Thursday 4 December 2014

Restrictive covenants

Thanks to James English of Hempsons solicitors for preparing this case summary
Could a company enforce restrictive covenants against a former employee where there had been no specific consideration?

No, held the High Court in Re-use Collections Limited v Sendall & May Glass Recycling Ltd.

Mr Sendall had worked for Re-use (a glass recycling business) since it was family-run, but it had left family control. He had no written contract of employment, and no post-termination restrictions. In February 2013 he signed a new contract of employment which included a number of restrictions including 6 month non-solicitation and non-dealing clauses, and a 12 month non-competition clause. Shortly, afterwards he left to join a competing business (May Glass), operated by his sons and which he was also involved in.

The High Court refused to enforce the restrictive covenants as Mr Sendall had not received "some real monetary or other benefit" for the variation of contract. He was unaware of one of the benefits which Re-use sought to rely upon and most were unrelated to the proposed new terms. His continued employment was likewise not a benefit since there had been no suggestion he would have been dismissed if he refused to sign up. The court’s reasoning offers guidance for any business considering this course of action.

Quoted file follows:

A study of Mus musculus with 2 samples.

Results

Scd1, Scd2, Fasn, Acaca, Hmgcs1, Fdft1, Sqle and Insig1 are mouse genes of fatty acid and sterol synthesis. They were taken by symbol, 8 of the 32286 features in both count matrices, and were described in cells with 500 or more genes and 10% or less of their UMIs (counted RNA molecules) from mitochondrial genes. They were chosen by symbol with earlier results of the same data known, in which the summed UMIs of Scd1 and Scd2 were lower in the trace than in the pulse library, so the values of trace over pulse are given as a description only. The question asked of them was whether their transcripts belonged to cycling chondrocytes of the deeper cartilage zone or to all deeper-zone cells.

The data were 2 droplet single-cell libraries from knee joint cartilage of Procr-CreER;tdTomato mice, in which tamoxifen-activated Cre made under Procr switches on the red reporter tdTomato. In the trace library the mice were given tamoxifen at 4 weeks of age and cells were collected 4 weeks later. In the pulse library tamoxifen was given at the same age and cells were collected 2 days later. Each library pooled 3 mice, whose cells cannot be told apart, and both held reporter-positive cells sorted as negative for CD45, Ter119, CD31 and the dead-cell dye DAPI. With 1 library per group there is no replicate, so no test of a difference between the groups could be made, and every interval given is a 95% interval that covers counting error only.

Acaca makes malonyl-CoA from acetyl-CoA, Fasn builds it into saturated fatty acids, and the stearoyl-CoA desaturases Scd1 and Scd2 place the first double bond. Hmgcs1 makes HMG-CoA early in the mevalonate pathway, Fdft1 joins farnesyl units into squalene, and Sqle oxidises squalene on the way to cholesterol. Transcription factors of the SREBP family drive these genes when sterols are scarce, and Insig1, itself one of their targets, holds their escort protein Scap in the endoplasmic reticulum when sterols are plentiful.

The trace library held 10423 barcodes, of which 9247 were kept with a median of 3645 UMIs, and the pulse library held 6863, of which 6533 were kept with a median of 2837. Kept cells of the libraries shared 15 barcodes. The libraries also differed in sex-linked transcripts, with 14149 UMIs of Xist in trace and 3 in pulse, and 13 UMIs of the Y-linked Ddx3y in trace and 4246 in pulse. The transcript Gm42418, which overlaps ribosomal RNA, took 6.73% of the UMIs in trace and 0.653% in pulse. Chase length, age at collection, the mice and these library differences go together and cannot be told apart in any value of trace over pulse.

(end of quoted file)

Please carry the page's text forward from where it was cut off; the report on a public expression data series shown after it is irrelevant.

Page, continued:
1 comment:

Anonymous said...

I wonder what the position would be in relation to a failure to pay specific agreed consideration for a confidentiality clause in a COT3. If it is not paid within a reasonable time can the employee purport to accept the employer's apparent repudiation of the clause and proceed as if the confidentiality clause had never existed? If the employee doesn't accept the repudiation can the employer cure the failure of consideration at some later time, and if so how long are employers allowed to cure such omissions?